With our shallow supply chains already strained, how does a company balance the risk of COVID-19 against the risk of causing greater disruption? Answer - I don’t know.
How do we balance the need to slow/stop the virus against the need for our vital supply chains to remain operating?
The known values in the equation:
- Amazon, Walmart and all of the grocery chains are crucial. That is how people get their food.
-If the food supply is disrupted, lots of people go hungry.
-If people are hungry, social unrest becomes a very real possibility.
-No amount of cleaning can keep people safe. A casual hello to a co-worker appears to be enough to transfer the virus.
-On the flip side, shutting warehouses down would slow the spread of the virus and save people’s lives.
-Our supply chains are in the middle of a re-alignment, thus already vulnerable. We used to eat at restaurants and go to the bathroom at the restroom where we worked. Now we are doing all of that at home. This shift has caused delays already in getting our necessities (I can’t buy bread flour anywhere - didn’t know y’all were bakers).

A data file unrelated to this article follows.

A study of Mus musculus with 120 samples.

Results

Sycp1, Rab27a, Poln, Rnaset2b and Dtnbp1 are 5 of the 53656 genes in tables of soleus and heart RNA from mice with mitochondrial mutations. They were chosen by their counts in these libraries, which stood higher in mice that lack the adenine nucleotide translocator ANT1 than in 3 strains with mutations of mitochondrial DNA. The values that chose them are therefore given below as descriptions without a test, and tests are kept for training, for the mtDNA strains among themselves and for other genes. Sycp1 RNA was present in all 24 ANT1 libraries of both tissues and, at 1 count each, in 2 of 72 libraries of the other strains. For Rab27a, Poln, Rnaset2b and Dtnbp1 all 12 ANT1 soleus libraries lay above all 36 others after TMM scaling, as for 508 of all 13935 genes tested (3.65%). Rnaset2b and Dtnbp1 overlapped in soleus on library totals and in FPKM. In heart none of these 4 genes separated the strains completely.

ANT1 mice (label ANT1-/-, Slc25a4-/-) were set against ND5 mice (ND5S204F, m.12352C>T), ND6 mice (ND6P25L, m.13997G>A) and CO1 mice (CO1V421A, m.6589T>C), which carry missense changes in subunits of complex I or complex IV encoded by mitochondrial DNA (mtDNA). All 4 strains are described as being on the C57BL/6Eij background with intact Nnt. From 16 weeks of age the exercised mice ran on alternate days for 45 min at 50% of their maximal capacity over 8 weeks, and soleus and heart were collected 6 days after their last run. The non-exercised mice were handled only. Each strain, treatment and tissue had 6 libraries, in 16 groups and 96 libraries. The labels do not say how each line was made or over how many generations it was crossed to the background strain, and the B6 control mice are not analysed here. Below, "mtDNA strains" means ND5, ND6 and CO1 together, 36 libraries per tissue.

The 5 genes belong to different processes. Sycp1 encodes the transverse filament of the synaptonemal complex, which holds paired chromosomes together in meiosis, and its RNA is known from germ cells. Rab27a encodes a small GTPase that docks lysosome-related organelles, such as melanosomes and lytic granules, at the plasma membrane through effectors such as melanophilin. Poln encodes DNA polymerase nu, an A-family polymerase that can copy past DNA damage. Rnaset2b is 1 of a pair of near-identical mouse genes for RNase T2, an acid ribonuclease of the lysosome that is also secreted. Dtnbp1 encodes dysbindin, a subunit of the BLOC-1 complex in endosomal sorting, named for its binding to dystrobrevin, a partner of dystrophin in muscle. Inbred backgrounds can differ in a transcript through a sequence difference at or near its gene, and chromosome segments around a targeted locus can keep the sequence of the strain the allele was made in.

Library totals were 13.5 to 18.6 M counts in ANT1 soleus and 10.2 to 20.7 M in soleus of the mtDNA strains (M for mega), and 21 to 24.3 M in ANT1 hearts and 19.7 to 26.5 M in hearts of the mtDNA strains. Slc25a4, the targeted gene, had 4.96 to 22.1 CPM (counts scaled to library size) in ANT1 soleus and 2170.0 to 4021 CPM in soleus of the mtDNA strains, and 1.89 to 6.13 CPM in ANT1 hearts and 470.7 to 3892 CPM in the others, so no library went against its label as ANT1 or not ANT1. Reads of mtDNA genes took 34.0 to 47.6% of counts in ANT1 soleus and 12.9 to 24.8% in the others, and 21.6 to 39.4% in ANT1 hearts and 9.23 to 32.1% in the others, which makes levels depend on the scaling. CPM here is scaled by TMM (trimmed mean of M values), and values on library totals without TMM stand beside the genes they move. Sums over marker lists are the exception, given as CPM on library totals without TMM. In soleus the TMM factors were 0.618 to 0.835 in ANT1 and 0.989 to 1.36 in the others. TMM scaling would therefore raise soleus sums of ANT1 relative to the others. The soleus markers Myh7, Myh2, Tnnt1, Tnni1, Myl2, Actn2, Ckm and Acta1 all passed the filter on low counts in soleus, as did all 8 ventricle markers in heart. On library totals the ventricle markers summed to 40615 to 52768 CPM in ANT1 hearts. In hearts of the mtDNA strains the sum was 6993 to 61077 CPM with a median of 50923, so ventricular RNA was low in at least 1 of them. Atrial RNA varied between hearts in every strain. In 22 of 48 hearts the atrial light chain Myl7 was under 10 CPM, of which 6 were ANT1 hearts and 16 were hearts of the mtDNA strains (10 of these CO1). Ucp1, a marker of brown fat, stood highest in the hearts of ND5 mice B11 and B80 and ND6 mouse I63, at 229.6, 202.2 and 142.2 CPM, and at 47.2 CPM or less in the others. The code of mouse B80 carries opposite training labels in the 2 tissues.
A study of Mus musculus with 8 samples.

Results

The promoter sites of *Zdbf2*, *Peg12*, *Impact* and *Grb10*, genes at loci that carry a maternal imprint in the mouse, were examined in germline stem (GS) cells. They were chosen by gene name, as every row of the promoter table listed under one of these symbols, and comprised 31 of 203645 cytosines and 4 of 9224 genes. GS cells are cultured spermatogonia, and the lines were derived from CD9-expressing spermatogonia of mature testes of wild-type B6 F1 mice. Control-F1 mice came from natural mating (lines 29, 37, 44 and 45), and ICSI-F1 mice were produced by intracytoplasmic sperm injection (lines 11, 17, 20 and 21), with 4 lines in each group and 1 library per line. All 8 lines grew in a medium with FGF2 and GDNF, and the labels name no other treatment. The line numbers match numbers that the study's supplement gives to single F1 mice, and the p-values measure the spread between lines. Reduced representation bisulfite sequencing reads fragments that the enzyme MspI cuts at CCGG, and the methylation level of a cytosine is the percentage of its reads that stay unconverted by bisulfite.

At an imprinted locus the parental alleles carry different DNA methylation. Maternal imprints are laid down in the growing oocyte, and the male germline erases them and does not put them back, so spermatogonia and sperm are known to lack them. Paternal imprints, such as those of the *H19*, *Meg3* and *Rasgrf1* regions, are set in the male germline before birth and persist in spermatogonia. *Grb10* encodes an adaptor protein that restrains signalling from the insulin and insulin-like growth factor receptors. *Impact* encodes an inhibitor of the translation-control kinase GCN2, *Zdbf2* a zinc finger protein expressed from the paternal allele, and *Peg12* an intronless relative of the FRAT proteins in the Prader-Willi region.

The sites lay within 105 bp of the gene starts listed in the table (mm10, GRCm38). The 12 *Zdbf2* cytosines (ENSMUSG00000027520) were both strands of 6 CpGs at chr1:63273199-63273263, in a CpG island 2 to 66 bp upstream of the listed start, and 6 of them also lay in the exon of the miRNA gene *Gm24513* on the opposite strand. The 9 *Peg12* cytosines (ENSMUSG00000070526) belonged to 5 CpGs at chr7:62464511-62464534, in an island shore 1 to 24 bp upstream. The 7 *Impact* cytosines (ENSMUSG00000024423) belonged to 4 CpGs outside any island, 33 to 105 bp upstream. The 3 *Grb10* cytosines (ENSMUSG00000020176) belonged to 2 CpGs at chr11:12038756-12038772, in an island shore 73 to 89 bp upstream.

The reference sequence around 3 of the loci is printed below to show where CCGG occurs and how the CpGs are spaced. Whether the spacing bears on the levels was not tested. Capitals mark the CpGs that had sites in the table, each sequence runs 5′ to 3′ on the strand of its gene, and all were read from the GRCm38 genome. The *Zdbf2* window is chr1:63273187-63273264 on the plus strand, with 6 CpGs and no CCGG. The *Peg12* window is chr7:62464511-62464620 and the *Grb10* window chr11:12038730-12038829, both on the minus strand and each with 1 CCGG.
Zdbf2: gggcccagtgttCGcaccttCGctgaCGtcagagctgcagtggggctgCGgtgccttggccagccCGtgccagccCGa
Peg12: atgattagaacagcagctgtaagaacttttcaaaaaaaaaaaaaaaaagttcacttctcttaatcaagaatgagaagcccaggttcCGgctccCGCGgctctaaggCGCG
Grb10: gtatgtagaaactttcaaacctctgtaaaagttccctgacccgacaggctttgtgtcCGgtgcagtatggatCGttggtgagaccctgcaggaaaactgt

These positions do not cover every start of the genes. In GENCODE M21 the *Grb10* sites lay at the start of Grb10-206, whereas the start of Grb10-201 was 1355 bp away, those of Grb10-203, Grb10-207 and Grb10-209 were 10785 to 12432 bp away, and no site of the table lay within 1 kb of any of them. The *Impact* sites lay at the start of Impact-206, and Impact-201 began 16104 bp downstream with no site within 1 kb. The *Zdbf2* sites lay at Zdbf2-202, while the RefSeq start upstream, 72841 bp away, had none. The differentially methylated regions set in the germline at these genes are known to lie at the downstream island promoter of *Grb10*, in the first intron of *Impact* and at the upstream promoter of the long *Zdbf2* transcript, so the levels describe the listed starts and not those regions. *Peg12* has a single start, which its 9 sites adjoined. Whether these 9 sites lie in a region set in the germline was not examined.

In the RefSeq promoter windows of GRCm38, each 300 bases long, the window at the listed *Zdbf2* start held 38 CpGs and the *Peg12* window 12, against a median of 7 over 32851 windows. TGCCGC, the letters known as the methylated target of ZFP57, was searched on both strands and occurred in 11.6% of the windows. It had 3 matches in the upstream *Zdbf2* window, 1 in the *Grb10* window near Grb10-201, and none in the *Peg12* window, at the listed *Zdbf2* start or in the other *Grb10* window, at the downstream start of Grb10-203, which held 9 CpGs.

-The realignment of our supply chain will happen - but it will take time.
-Also adding pressure to our supply chain is a reliance on a Just In Time inventory system that was promoted heavily by graduates of Ivy-league schools and gained popularity in the eighties and nineties. This eliminated much of the depth in our supplies and contributed to the difficulties we are experiencing now.
Variables in the equation:
-Time. How long before the infection rate peaks?
-Technology. How fast can we find a cure?
Unknowns - these are the riddles we are solving:
-Do we keep the warehouses and transportation systems open, even though they create an enhanced risk of transference of the virus? Or do we shut them down for 14 days? 21 days?
So, if you are the CEO of Amazon, what do you do? Remember, you will be judged forever by the decision you make.